AUSTIN (KXAN) — The Electric Reliability Council of Texas, Inc., (ERCOT), has released an early report on causes behind the mass generator outages during Texas’ historic Winter Storm Uri back in February.

ERCOT, which controls the flow of power in the state, indicates that the largest cause of outages from Monday, Feb. 15 to Friday, Feb. 19 is, unsurprisingly, “weather-related” problems.

The preliminary report, released Tuesday, shows an aggregate of outages and their causes. In addition to total outages, “derates” — or partial outages — are also factored in.

ERCOT says “weather related” outages include frozen equipment, ice accumulation, ice/snow cover, and flooded equipment.

The next biggest reason for outages is listed as “equipment issues,” followed by “fuel limitations,” and finally, “existing outages.”

“Equipment issues” include failures or malfunctions not related to the cold weather, ERCOT says.

Meanwhile, the most minimal reasons indicated are “frequency related,” “transmission loss” and “miscellaneous.” Here, “transmission loss,” means a forced outage.

During the storm and in the weeks after, ERCOT gained global attention for management of the events, which resulted in seismic shifts within the council, investigations, state legislature hearings, and calls for an operational overhaul.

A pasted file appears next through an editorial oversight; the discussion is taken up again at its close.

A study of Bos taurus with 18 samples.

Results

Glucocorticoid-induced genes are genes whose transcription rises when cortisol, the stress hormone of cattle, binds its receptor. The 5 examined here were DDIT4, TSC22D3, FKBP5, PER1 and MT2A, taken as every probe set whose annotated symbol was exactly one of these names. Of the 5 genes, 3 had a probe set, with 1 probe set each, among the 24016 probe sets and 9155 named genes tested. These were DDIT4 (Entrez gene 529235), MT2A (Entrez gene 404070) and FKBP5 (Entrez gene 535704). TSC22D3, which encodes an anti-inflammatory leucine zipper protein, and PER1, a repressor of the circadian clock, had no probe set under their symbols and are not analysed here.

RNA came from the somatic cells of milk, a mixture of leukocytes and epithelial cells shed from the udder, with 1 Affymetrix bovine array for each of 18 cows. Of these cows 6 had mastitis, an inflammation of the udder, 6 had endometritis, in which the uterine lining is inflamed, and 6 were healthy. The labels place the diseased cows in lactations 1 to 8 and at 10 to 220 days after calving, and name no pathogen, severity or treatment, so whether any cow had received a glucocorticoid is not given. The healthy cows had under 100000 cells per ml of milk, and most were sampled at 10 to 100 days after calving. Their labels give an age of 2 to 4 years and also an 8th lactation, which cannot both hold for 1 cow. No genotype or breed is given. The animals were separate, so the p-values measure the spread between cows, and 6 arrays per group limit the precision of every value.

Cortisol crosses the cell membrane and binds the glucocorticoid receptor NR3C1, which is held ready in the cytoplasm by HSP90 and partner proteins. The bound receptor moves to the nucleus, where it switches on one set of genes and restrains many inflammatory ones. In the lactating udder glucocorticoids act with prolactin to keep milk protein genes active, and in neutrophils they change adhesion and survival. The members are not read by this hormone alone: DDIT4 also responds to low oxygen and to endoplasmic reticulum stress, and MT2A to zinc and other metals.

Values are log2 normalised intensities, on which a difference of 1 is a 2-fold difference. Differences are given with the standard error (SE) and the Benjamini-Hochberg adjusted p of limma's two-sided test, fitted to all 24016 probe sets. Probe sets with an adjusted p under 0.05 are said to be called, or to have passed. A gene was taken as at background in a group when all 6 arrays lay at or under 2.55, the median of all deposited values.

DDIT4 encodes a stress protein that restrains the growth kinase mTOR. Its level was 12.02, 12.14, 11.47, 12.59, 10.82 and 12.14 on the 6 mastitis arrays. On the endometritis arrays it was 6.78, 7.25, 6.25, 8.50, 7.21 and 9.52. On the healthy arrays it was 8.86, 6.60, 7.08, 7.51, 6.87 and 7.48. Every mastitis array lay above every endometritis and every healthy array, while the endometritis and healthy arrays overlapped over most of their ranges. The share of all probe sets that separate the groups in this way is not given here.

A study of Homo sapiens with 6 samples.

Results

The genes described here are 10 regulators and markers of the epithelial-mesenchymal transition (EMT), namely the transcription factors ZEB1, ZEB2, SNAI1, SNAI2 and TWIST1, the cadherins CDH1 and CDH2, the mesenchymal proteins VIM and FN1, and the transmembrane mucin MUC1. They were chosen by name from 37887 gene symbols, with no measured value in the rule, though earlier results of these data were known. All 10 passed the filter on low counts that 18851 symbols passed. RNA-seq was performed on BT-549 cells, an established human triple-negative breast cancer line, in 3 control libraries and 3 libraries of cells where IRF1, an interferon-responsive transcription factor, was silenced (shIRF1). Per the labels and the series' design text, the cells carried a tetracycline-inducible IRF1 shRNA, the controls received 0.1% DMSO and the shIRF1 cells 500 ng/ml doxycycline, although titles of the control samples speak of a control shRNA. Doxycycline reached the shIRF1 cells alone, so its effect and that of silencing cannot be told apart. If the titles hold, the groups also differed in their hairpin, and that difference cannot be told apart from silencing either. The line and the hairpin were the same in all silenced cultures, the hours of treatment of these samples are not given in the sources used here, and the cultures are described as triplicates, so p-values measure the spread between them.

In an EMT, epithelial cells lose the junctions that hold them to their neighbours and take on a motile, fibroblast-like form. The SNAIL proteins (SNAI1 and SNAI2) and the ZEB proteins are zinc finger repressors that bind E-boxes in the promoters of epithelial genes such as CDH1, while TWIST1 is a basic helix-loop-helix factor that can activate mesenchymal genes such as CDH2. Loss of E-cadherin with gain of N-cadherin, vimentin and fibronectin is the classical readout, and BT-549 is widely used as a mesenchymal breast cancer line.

In the wake of continued outages, Texas Governor Greg Abbott made investigation into the council an emergency item for the current legislative session.

“The Electric Reliability Council of Texas has been anything but reliable over the past 48 hours,” said Abbott. “Far too many Texans are without power and heat for their homes as our state faces freezing temperatures and severe winter weather. This is unacceptable.”

With the spotlight bearing down on the council, several board members resigned, many were harshly criticized for being charge of Texas’ power flow while living elsewhere — including outside of the U.S.

Then, on March 3, ERCOT President and CEO Bill Magness was given a 60-day termination notice by the council’s board of directors, with no specific reason given. While Magness was eligible to receive a severance package of up to $800,000, he announced he would not accept it.

ERCOT says it will give the report to Texas lawmakers.